I almost quit my job until I learned from these mistakes. by@Iggy

I almost quit my job until I learned from these mistakes.



software developer || web development tutor @careerFoundry || Technical writer...

About @Iggy

Probably I had less motivation or even worse when someone told me I’ll never be a developer, just something I wasn’t able to figure out as of then. Okay, what do I wanna share with you today? Well, I felt like sharing my story, maybe it could inspire you. This post is strongly for newbies to the dev world, however, anyone can still take something from it. So let’s dive in.

'Lil story about myself, when I started off I was confused about where to start. I guess it was because I changed careers. I studied architecture, in the polytechnic institute, which was way different from programming. But, I don’t want to go into that story right now.

Because I don’t want to bore you to death with my story and all that, I will just be talking about what my biggest mistakes were and why I made them, and also the solutions to getting out of it if you ever find yourself in such.

My mistakes.

  • Not knowing where to start.
  • Trying to learn too many things at the same time.
  • Being in a rush.
  • Not asking for help.
  • Inability to identify what I wanted exactly.

    Not knowing where to start.

    When you are new to any skill, you feel overwhelmed, at least if not for everyone - it happened to me. I was confused about where to get started, I was lost in tutorial hell, lol.

    Trying to learn so many things at the same time.

    After I struggled with identifying where to start, I met someone who’s already into programming, so he gave me some clues and some technical advice. After I went online for some resources he recommends w3school and MDN, I saw how large all the aspects were. So, what did I do? I just dived in and someday It’s me learning HTML, not even mastering it a bit, other days CSS, then next javascript, at some point I got frustrated as I felt lost and got more confused each time I took those tutorials.

    Do you know what that did to me? Wasted my time not coming out with any result, discouragement. And I started to think to myself - I will never be a developer? Yeah, I was making an effort, doing all the hard work, keeping late at night. But I realized I wasn’t doing it the right way - investing my time in the wrong areas. Learning what I shouldn’t be learning at a particular time. At a point, I was close to giving up.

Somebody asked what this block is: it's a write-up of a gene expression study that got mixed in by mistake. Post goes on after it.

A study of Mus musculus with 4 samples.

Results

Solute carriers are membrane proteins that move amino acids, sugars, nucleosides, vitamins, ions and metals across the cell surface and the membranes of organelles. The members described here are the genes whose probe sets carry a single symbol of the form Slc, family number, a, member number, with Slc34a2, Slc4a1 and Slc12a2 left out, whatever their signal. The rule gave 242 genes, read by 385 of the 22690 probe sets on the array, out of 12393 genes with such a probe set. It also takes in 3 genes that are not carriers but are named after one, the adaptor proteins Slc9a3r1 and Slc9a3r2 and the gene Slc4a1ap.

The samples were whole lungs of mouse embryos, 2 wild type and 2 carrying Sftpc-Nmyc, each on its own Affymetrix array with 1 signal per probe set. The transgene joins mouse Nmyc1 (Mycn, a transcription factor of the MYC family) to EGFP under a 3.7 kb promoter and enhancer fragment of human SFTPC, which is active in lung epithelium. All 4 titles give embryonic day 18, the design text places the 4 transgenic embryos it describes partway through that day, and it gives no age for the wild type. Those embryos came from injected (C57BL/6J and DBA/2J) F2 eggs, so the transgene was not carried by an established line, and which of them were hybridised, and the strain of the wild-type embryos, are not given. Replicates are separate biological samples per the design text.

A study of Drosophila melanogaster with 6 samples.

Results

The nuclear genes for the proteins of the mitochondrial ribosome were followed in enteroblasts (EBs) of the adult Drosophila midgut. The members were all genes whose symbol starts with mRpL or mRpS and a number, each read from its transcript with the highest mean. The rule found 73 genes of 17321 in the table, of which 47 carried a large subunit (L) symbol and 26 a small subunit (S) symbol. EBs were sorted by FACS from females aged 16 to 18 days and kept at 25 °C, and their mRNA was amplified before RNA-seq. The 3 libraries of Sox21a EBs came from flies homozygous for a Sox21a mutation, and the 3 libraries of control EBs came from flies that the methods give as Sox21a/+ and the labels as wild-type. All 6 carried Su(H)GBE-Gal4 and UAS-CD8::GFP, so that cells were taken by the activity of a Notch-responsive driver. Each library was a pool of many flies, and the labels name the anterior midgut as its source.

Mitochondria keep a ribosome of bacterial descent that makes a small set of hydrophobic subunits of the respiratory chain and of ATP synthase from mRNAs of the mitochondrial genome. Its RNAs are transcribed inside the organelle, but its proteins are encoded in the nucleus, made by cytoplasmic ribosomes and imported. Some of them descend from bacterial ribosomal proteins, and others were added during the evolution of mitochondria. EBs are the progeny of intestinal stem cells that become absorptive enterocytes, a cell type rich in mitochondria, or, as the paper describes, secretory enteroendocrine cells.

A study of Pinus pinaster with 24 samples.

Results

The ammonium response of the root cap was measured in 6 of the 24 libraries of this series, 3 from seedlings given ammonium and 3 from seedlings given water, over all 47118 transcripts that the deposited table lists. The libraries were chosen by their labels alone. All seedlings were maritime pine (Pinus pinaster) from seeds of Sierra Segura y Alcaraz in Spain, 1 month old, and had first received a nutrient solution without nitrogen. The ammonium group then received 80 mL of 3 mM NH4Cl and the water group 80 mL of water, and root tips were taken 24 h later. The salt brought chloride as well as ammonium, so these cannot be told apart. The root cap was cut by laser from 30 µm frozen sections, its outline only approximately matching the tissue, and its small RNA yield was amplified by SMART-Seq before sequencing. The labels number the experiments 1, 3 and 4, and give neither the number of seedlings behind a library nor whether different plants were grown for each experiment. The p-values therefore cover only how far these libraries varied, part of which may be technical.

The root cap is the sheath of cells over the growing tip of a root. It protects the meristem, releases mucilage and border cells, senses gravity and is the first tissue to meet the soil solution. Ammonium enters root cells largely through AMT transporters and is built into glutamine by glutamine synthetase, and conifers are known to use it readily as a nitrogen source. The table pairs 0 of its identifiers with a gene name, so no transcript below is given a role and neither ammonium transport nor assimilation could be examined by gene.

Being in a rush.

    Another mistake was being in a rush to finishing up every piece of resources I’m being recommended. Why? I will be honest with you, it was because I was thinking about how to take the smartest way out by making money from programming as fast as I can. But on the contrary, I realized programming isn’t a get-rich-quick scheme. Another key take-out.

    Not asking for help.

    One big mistake you’d ever make as a new dev - or even those that have been in the dev world already - is not asking for help when you should. Some people easily feel intimidated or even feel inferior, and to me, none of those was left out. In fact, I’m a very shy person and I feel people will laugh at me when I ask for something they see to be simple.

    Inability to identify what I wanted.

    Well, this last one might have probably happened to some of you reading this or maybe you are going through that. It was really crazy when I started thinking of adding graphic design to the skill I was acquiring as of then. I wish I could explain this better though, but different things started coming up. They were quite interesting, but the big question was - do I really need them at that moment? Obviously, No.

    So how did I got out of these?

    First, I stopped everything I was doing. I started writing down what I wanted and how to achieve them, I came across an article that helped me to drew out my map and ensured I made follow-ups. I started with HTML using w3school as my guide to teaching myself. At the end of each tutorial, I review my progress. I had an app (clockify) that helped me keep track of goals I’ve accomplished. Everything started coming really well, I started seeing results, I moved to CSS and JavaScript. Oh, I’ve really talked too much. I hope you got the picture clearly on the screen of your imagination, anyway if you had read to this point I want to say, thank you for reading. But most importantly take necessary action to get you to achieving your goals.


    Use those few tips and few links I’ve suggested also to help yourself get to your goals in a shorter time rather than spending a longer time on things that don’t really matter. Please always avoid burnouts in your learning process, consistency brings good results, you don’t have to be in a rush. Ask for help when you get stuck, there are a lot of developers in the community that is willing to help, more also when you have a bug in your code, chances are that a lot of people have fallen into such errors before so the solutions are always available to help you get unstuck. Happy coding and I wish you the best in your learning journey. Cheers.